The marketplace is an amazing thing—a dynamic system, striving to provide the wants and needs of individuals, with the drive for innovation producing amazing new products, and competition working to bring the price of those products down.
There is an interesting tension between those two—between innovation and competition. As the saying goes, “build a better mousetrap, and the world will beat a path to your door,” but you only work to build that mousetrap if you can reap the benefits of innovation.
This is why intellectual property protection is so important. Patents, recognition of intellectual property rights in a particular innovation, allow an inventor to recoup the monetary and sweat equity that went into bringing a new product into the marketplace, while at the same time offering the legal protections necessary to incentivize that urge to innovate.
These kinds of legal protections, this kind of certainty, is at the heart of what scholars like the Peruvian economist and political scientist Hernando DeSoto call, “the mystery of capital”—a corollary to Adam Smith’s “invisible hand” of the marketplace.
At the same time, patents are not held in perpetuity—this is, in no small measure, a hedge against monopolistic practices, recognizing that consumers are best served when there is competition in the production of goods. Competition brings down prices, so that ultimately the widest range of the consuming public can benefit from technological innovation.
This is especially important for such necessities as pharmaceutical products. On the intellectual property side, bringing new drugs to market is a herculean exercise—between research and development (including the costs of research into pharmaceutical streams that do not bear fruit), combined with massive regulatory hurdles (many of which are necessary, some of which possibly not), makes the investment in drug research a massive one, requiring, certainly, a period of time in which a company can recoup that investment.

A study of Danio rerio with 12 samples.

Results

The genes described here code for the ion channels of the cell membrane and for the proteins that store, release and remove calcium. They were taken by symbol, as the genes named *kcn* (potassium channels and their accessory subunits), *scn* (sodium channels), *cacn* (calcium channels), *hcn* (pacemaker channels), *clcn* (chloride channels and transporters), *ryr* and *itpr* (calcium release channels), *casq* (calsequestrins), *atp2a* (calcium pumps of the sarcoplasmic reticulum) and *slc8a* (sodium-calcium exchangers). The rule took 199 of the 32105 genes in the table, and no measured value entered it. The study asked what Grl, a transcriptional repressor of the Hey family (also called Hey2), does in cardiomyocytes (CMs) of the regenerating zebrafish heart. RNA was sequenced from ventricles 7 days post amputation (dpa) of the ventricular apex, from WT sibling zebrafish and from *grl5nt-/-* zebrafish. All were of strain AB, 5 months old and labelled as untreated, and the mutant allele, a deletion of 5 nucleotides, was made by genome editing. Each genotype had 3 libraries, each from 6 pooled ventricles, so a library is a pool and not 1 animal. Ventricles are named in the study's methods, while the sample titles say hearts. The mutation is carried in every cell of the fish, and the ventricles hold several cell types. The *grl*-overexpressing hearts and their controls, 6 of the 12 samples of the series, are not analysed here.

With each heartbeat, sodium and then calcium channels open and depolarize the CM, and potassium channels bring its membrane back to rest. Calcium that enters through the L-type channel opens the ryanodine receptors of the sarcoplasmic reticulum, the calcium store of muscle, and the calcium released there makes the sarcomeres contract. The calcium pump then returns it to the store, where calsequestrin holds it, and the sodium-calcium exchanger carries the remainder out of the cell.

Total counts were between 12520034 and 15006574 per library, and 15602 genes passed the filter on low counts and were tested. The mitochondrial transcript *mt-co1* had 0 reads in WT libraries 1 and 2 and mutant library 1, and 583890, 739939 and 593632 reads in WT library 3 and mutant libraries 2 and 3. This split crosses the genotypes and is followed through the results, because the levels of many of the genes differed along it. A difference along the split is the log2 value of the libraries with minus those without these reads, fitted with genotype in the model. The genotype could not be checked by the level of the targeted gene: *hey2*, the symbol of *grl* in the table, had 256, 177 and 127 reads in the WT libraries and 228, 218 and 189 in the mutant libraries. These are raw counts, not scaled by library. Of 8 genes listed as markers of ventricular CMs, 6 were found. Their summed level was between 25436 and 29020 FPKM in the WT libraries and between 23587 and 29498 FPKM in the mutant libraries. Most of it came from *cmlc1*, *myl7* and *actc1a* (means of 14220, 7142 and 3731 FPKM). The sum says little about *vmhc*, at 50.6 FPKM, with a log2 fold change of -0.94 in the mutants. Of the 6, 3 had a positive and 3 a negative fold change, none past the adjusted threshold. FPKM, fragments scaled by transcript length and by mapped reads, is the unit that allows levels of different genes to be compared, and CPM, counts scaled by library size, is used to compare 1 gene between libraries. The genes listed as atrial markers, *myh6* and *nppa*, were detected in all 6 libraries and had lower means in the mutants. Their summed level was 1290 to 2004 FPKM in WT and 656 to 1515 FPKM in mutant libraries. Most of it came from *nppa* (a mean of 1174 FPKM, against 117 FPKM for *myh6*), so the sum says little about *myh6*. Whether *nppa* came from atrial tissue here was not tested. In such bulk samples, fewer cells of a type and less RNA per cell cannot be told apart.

But at some point, that discrete period gives way to the ability for other makers to produce that drug—and in the United States, that period of time is 12 years. Consumers have long seen the benefit of when generic drug manufacturers can bring a product into the marketplace. Over the course of time, generic drugs have brought down the price of these drugs by 90%--a boon to the nation’s working families in an era where increasing access and lowering costs has been the mantra of health care reform for nearly a decade.
What happens, though, when name-brand pharmaceutical manufacturers try to skirt this 12-year limit—and to do so through a variety of legal gymnastics? This can be done in a variety of ways (like small, insignificant changes to a formula that are misread as new innovations to products), or as we have been seeing, the use of power, money and influence to slow down the regulatory process.
Take the assessment of risk. Everyone agrees that public policy—especially public policies that deal with the health of the public—should be based on a careful assessment of risks. When it comes to pharmaceuticals, manufacturers of drugs are required to develop something called Risk Evaluation and Mitigation Strategies (REMS)—a straightforward task, generally, that should be relatively easy to follow when we’re talking about bringing generic versions of previously evaluated drugs to market.
The problem, of course, is that regulatory requirements can often be used by powerful entities to stifle competition. The more complicated the regulatory regime, the easier it can be for those with influence to use that regime to keep those with fewer resources from being able to enter the marketplace (this is a key issue throughout the healthcare world, and consumers are harmed to the tune of billions of dollars as a result of it).
With regard to REMS, the larger actors “game” the system by denying generic manufacturers access to the materials needed to conduct “bioequilvalence studies” essential for market approval, as well as throwing up other roadblocks which are nothing more than tactics designed to keep these generics from coming to the marketplace, and thus allowing name-brand drug makers to hold onto their market share for just a little longer.
This is the essence of cronyism—the actions of the largest entities within a marketplace who use their power to create public policies that benefit them and only them, and to keep their smaller (and less well-heeled) competitors out of the marketplace.
Which means consumers lose—and most-especially, the nation’s working families who eagerly anticipate when prices fall for the medicines they want and need.
This week, the Senate Judiciary is taking up the CREATES Act, a piece of legislation whose goal is to fix the problem of cronyism in the complicated marketplace of generic versus name brand drugs. It deals with the issues of REMS head on, and offers thoughtful solutions that promote competition and innovation, while protecting intellectual property rights.
The marketplace works—better goods for lower prices. But it only works when all the actors are on a level playing field, and nobody can use their power to keep new actors from playing.